We are interested in demography, ecology, and evolution, and how neutral and adaptive processes shape populations in stochastic environments. We aim at understanding the evolution and maintenance of individual heterogeneity, how it drives ecological and evolutionary population dynamics, and whether it is neutral or adaptive.
We address these questions by developing structured models and thereby link quantitative genetics, population genetics, life history theory, and population dynamics. These models are tested by with empirical data that span in level of control, from highly controlled bacteria microfluidic systems to data collected on natural populations.
We aim to bridge the gap between empirical and theoretical approaches within and across fields.
We work on age-stage structured population models to link individual level demographic data to population level dynamics. Much of this work is in collaboration with Shripad Tuljapurkar, Stanford. We ask how individual dynamics have evolved by investigating sensitivities to the rate of diversification of life histories, trade-offs at the individual level, and investigate how stochastic processes at different levels of biological organization buffer or enhance each other to drive population dynamics.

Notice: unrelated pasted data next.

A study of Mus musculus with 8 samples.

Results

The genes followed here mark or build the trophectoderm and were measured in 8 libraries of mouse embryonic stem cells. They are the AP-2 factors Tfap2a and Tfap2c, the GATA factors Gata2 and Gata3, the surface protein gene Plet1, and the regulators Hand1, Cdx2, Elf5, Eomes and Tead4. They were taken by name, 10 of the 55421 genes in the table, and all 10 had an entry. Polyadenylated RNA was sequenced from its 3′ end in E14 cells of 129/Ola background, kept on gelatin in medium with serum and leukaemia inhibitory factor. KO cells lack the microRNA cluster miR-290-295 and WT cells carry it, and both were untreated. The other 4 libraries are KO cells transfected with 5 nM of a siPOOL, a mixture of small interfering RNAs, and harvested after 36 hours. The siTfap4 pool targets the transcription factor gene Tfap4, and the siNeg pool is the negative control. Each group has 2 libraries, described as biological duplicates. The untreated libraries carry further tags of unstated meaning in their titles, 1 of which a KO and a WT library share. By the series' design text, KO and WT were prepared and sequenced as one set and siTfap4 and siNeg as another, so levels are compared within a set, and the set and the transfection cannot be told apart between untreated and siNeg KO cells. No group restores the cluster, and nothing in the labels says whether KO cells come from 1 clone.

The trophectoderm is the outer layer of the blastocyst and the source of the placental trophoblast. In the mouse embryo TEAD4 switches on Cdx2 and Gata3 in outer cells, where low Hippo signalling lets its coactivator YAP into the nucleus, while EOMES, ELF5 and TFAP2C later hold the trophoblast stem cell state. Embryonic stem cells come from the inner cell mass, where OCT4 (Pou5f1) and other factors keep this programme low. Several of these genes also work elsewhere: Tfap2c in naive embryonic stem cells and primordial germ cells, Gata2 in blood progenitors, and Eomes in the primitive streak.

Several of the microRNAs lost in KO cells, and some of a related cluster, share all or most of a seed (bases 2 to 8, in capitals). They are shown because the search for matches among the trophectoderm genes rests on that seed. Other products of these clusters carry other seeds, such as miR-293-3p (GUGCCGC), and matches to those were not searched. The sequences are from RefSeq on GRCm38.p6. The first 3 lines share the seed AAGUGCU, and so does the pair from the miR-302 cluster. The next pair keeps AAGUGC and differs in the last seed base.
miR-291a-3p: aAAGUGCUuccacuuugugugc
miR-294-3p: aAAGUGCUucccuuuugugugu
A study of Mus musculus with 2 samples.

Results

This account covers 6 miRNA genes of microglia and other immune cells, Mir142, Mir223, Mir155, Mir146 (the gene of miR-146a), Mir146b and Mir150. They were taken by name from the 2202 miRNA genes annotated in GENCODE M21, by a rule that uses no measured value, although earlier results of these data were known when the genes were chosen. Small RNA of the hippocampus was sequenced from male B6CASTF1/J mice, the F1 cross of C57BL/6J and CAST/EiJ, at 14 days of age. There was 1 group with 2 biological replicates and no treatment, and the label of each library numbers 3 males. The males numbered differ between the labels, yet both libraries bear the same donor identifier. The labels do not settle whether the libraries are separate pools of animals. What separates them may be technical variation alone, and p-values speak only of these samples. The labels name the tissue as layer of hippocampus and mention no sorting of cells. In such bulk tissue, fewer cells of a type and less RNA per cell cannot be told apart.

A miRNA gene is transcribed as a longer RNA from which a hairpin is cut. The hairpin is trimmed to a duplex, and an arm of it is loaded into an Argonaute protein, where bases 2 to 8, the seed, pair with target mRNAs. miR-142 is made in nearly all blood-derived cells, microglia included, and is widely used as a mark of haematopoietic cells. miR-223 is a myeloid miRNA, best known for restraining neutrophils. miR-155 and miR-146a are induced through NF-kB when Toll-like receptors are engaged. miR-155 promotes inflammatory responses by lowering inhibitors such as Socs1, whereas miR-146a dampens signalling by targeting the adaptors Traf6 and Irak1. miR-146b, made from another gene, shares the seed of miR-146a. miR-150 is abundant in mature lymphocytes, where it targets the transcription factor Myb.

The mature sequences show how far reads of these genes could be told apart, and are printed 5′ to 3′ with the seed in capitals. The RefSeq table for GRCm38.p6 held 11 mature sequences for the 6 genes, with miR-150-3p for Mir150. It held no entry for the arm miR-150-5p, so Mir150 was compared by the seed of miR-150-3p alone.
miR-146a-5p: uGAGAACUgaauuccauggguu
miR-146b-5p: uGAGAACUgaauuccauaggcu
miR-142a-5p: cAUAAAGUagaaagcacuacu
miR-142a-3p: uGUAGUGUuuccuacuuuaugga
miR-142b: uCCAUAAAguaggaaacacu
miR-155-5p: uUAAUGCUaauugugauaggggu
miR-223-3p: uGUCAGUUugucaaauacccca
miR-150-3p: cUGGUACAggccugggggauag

We investigate influences of density dependence on stage dynamics and the diversity of life histories. For this question we use longitudinal data on macaques from Cayo Santiago. This work is in collaboration with Raisa Hernandez-Pacheco, USULB.
We study aging and senescence in bacteria using a highly automated microfluidic system in order to bridge the gap between single cell transcription and protein expression dynamics, the demographic fates of individual cells and the evolutionary consequences at the population level. We detect classical senescence patterns of progeny born early in the life of a cell (early daughters), whereas late daughters do not show senescence and are born at an older biological age. Our results suggest stochastic patterns of damage accumulation within and stochastic transmission across generations. This work is in collaboration with the CRI and INSERM U1001 in Paris.
Biomarkers of aging in humans. In investigating the difference between the biological or perceived age (how old one looks) and chronological age (how old one is) we aim at addressing a series of questions related to the rate of aging and the quantification of biological age. The data is largely collected through a citizen science project (ageguess.org) for which we collaborate with Dusan Misevic at INSERM/Paris Descartes, France.
Our interest on the evolution of neutral and adaptive processes in variable environments also captures work on the evolution of phenotypic plasticity, mainly related to cryptic genetic variation and whether plasticity is adaptive. This work is in collaboartion withoup lead by Courtney Murren and Carl Schlichting.